I'm glad we have this forum.
Here are some pictures of my son on his current, small bike. I am building him a new, larger bike. I'm looking for any thoughts or criticisms of his position on the current bike, that I can use when picking frame size, components, and building up the new bike.
Noodling along on the tops (there are interrupter brake levers there)
Pretending to go fast (but actually coasting) in the drops
Actually pedaling in the drops (and getting tired of riding back and forth while dad takes photos)
The current bike, pictured, is a junior sized early '70s Peugeot with 26"/559mm rims. It used to be my old bike, when I was a kid, but not much besides the frame is now original. The frame is 19" (49 cm) center-to-center. As shown, the pedal-to-saddle (distance from pedal upper surface to midpoint of saddle upper surface) is 33.5", and, I think, he needs around 1" more (but the post is maxed out).
Obviously, his new bike will be larger. It will be a small adult bike with 700C wheels.
I've tentatively picked a new frame (call it frame A) that is 20.5" (52 cm) center-to-center. That will give him 34.5" pedal-to-saddle with a bit over a fistful of exposed seatpost (about 6"). He should be able to stand over it pretty comfortably, though we haven't tried yet. However, with frame A, he won't have near the saddle-to-bar drop that he currently has. The top tube will be significantly longer than his current bike.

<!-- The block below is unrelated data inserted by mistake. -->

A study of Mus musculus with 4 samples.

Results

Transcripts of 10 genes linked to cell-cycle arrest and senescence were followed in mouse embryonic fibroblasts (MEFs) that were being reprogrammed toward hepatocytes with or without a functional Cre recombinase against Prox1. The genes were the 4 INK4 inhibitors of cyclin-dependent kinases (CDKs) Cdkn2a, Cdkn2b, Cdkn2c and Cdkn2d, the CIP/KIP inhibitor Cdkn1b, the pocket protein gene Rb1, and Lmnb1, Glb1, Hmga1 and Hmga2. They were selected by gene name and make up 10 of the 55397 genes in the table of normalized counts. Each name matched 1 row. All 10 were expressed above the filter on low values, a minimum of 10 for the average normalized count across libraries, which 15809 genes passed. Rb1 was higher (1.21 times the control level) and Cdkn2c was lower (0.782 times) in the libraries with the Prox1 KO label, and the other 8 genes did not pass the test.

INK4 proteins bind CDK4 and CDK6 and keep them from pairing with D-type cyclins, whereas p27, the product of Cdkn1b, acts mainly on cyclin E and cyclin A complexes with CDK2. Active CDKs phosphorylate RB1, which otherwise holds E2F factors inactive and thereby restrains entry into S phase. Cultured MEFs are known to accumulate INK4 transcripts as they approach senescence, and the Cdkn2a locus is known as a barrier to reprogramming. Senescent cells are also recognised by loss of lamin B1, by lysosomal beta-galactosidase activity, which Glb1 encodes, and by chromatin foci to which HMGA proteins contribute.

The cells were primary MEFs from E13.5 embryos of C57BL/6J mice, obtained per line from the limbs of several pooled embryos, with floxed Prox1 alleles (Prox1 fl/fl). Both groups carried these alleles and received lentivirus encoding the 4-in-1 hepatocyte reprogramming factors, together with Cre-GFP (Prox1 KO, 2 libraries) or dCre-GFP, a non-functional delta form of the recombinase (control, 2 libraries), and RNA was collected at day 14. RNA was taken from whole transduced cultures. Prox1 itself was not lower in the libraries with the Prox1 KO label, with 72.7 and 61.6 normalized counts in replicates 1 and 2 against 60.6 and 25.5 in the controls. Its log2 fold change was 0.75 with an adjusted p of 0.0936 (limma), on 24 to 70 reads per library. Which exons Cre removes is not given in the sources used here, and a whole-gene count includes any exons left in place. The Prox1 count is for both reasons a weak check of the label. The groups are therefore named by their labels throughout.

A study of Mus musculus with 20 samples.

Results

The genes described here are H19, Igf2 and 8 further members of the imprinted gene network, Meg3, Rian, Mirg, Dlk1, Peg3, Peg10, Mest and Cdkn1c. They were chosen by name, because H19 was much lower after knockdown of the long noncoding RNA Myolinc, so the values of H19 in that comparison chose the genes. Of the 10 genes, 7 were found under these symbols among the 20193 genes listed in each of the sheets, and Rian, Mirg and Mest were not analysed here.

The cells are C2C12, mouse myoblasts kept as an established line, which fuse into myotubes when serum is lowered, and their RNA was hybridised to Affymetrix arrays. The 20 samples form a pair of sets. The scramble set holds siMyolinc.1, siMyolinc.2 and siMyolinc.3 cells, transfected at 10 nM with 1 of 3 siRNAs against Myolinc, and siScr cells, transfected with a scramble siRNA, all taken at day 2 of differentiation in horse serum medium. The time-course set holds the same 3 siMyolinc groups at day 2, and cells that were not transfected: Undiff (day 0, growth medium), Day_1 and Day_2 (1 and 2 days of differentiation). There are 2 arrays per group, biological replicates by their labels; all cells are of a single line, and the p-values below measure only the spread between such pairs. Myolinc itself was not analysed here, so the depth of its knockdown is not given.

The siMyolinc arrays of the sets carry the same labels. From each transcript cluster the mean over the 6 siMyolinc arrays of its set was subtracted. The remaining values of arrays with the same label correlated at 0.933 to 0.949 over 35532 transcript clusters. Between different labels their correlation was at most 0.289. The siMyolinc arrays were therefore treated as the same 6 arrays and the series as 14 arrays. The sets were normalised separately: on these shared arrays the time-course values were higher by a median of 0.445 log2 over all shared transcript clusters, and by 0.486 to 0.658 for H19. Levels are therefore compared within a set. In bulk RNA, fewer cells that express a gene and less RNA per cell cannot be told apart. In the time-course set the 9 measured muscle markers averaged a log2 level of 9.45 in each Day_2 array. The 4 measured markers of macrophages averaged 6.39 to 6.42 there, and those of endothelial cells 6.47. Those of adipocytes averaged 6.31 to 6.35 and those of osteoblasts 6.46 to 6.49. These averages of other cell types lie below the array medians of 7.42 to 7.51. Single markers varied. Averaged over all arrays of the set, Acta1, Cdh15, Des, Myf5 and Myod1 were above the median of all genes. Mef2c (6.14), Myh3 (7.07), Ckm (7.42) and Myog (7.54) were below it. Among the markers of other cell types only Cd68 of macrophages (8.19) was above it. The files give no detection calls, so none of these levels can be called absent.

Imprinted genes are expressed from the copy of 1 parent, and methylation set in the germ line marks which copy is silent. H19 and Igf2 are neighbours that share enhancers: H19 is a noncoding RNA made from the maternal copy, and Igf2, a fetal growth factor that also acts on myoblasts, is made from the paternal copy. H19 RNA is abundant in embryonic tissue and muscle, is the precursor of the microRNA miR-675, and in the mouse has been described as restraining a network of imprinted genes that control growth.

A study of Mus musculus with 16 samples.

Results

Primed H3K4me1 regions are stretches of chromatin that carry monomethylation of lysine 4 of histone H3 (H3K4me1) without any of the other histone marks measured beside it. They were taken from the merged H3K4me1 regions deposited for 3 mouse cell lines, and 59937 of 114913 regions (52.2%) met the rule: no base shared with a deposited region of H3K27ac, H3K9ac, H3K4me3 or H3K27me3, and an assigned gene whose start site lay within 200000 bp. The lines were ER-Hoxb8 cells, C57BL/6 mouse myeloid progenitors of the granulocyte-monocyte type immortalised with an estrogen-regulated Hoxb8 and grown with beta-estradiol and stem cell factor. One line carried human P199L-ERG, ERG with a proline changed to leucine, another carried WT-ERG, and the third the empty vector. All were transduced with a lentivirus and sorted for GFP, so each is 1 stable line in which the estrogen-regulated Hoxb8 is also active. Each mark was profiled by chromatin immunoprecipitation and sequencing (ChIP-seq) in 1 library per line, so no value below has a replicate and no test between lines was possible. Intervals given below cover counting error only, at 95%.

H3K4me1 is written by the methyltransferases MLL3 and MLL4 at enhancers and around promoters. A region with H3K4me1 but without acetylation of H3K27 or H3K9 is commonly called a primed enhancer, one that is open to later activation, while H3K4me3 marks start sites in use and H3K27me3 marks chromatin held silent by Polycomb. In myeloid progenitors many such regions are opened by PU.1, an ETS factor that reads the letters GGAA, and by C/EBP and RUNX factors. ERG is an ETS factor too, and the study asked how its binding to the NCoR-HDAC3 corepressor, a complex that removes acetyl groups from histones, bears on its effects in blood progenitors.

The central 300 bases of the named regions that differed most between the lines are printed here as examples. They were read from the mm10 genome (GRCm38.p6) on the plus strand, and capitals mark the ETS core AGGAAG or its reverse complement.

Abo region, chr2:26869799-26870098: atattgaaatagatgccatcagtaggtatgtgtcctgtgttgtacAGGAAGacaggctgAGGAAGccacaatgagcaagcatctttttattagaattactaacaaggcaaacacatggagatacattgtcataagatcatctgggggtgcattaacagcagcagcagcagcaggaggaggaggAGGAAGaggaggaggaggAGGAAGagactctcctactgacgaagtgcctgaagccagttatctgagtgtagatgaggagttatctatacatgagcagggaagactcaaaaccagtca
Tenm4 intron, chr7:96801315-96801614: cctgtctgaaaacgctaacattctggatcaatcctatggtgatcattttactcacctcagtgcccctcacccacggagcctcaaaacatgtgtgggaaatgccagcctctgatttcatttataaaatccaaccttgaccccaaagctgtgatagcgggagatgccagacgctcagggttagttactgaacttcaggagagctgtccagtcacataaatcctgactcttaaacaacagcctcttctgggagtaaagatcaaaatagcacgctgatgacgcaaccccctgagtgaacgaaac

The alternative (call it frame B) is 19" (49 cm) center-to-center. So, not larger than his current frame, but this one is an adult frame for 700C wheels. That frame would allow a larger saddle-to-bar drop, and the top tube will be shorter, than frame A.
Any thoughts? Is his current riding position one that you would try to replicate in the new bike, or should I be trying for something else? Would you go with frame A or frame B?
The usage is weekend fun rides. We'll ride Seattle to Portland in July. He doesn't ride this bike to school/on errands, he has a hybrid for that.